Arriving at a “Crime Scene”—the location where an offense takes place is referred to as the crime scene.
When officers arrive they have three tasks to perform: Assist injured people/call an ambulance Call in reinforcements to eliminate hazards (bombs, fires etc.) Continue to search the crime scene—even if they think perpetrators have left. ASSUME PERPETRATORS ARE PRESENT AND ARMED.
Protecting and Preserving the Crime Scene—success in prosecuting a case often depends on the evidence collected. Officers must establish two boundaries— the centre (where the offense was committed) and the perimeter (surrounding areas where evidence may be present)
Crime scenes are preserved for three reasons: allow for search, seize and collect evidence and ensure evidence is not contaminated (loss, destruction or alteration of physical evidence)
Officers role at a crime scene—Four types of officers investigate at a crime: Scenes of Crime Officer Criminal Identification Officer Criminal Investigations Bureau Officer Patrol Officer
Scenes of Crime Officer—trained in evidence collection/preservation Criminal Identification Officer— resp. for searching the crime scene for evidence
Criminal Investigations Bureau Officer—detective with experience in specific area (homicide, robbery, sexual offences) Patrol Officer—usually first on the scene. Must secure crime scene/arrest suspects.
Collection, preservation and analysis of evidence is crucial Physical evidence is defined as: any object, impression or body element that can be used to prove or disprove facts relating to an offense Valuable because it often carried greater weight in court than witness statements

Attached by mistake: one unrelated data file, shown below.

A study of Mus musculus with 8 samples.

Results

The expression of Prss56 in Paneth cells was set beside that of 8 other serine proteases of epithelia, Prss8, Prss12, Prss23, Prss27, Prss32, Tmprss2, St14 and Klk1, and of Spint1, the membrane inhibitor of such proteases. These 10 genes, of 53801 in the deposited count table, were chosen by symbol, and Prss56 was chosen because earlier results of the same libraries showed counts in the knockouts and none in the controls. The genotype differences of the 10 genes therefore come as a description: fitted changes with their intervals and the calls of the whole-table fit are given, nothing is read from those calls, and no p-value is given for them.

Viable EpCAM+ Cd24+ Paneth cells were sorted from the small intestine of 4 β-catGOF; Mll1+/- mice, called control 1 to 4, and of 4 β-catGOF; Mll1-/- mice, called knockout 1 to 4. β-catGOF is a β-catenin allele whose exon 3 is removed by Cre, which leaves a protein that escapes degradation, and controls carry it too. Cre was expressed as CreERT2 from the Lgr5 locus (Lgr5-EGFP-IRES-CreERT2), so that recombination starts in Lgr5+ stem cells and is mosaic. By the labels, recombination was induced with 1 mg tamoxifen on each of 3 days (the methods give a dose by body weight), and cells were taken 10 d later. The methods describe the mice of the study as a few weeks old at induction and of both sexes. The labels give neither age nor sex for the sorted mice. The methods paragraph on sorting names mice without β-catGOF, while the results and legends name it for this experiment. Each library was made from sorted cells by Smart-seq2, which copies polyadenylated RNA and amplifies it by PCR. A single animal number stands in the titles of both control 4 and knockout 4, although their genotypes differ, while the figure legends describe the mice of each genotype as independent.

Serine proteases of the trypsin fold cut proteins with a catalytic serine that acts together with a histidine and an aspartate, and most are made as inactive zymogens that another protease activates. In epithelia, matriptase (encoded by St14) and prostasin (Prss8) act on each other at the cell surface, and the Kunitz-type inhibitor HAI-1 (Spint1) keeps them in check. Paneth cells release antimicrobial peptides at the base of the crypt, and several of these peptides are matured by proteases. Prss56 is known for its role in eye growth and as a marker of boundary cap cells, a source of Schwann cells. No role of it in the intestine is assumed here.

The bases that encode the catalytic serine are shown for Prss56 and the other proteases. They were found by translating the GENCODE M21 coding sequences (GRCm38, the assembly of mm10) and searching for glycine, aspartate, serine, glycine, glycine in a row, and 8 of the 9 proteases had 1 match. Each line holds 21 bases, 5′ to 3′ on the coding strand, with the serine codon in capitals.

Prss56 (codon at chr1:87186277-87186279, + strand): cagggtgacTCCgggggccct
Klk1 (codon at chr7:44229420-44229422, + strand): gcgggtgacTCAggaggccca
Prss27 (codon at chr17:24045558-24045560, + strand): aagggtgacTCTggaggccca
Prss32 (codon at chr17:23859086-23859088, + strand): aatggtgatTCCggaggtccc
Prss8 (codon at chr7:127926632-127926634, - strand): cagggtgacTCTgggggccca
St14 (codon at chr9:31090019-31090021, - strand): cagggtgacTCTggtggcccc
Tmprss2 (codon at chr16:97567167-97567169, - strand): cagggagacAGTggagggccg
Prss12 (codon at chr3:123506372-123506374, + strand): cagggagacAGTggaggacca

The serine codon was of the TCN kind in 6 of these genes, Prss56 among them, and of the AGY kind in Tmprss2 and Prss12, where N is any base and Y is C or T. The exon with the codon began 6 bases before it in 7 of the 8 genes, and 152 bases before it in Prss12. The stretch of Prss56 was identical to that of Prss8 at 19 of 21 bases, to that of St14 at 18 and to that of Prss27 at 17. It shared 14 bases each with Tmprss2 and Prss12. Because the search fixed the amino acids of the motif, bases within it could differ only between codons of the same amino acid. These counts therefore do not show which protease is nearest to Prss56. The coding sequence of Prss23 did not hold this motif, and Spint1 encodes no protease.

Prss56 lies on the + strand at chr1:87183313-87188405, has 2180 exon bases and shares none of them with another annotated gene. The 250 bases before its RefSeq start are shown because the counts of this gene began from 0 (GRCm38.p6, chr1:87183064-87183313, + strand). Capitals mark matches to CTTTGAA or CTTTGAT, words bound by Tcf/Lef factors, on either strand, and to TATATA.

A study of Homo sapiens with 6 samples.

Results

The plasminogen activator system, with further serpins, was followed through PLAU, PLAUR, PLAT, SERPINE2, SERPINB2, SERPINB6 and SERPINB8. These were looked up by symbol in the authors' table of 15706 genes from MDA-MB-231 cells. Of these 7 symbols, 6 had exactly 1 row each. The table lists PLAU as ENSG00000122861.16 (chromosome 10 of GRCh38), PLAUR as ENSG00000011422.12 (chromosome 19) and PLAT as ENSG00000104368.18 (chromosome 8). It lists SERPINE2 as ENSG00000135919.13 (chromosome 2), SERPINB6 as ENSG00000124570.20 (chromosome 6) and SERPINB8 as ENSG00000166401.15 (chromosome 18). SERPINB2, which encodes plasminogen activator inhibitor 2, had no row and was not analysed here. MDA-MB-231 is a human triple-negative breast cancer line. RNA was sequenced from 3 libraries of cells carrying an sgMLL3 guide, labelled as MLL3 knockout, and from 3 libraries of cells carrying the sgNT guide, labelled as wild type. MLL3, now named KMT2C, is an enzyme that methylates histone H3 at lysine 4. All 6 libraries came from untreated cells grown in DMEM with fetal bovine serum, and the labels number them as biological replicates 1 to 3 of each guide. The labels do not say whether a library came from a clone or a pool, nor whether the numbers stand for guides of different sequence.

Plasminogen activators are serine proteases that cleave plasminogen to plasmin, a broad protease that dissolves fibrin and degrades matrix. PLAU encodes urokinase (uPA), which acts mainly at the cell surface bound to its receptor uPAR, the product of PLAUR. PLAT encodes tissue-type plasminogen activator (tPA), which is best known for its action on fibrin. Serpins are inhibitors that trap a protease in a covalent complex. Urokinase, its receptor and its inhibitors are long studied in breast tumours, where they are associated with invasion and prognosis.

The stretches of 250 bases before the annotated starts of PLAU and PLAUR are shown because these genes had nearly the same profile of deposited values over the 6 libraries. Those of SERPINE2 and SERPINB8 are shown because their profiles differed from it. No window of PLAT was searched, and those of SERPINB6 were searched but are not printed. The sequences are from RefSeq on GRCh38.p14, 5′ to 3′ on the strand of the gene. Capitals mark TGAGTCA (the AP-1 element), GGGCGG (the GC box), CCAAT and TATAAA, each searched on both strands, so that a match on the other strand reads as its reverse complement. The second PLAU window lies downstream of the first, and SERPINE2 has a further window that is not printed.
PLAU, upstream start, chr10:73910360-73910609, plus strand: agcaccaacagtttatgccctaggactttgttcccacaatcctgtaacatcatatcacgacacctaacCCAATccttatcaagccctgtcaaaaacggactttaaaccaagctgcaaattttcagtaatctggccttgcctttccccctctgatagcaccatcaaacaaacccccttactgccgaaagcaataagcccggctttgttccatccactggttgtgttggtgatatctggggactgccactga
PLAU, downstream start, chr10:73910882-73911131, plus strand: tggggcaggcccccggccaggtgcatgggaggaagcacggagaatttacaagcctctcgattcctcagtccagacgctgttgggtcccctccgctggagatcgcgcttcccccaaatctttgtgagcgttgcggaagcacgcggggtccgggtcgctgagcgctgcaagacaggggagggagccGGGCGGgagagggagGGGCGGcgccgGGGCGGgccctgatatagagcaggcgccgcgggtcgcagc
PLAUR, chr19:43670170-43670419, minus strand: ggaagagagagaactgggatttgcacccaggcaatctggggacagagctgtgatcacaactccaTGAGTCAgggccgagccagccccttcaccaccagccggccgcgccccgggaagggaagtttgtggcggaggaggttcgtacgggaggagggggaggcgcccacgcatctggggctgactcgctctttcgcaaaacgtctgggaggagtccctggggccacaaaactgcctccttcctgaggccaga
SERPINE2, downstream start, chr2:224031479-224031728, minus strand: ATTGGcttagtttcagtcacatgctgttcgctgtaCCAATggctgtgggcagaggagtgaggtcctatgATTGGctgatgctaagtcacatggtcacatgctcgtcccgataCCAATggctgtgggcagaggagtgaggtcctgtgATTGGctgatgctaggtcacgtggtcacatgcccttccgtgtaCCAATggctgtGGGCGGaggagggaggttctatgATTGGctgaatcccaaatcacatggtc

The use of biochemical and other scientific techniques to analyze evidence in a criminal investigation Work done mostly in the lab but experts also testify in court Examples: autopsy, firearms/ballistics, forensic chemists, etc
The tools used in the commission of a crime leave an imprint behind May have individual characteristics Most common: hammer, screwdriver, crowbar
Patterns or marks found on surfaces and caused by various objects Fingers, gloves, shoes, tires, tools etc Impression recorded by photographing/scanning it or taking a mould Two characteristics: 1. Class characteristics: general attributes 2. Individual characteristics: specific to that object
Patterned marks left by a fingertip (also hands, feet, toes) Unique and never change Visible fingerprint: print formed in blood, grease or some other substance—seen by the naked eye Latent fingerprint—formed by natural oils and perspiration. Invisible to the naked eye Fingerprints can sometimes be left INSIDE gloves
Can be matched to suspect Best if they have four prints—two of each foot Can determine height, weight, injuries, whether the suspect was carrying anything, walking or running
Can determine the make of tire make of car (sometimes) the direction the car was travelling when it entered/left the crime scene
Crimes often result in the transfer of bodily fluids Blood, semen, mucus, sputum, hair, skin Sent for laboratory analysis Analyzed for a match to the suspect Hair and fibres may also be matched
Proper labelling is important Who has contact with the evidence The date and time the evidence was handled The circumstances under which the evidence was handled What changes, if any, were made to the evidence
Brief description Police case number Date collected Location of collection Brand name of item (if any) Serial number Name and badge number of officer who collected Destination for storage or analysis
Creativity. Group Dynamics Organization Presentation Skills Class mark Activity Case discussed Total -50 Students will have 5 days to complete the task.- Due on Tuesday 6th, November 2012.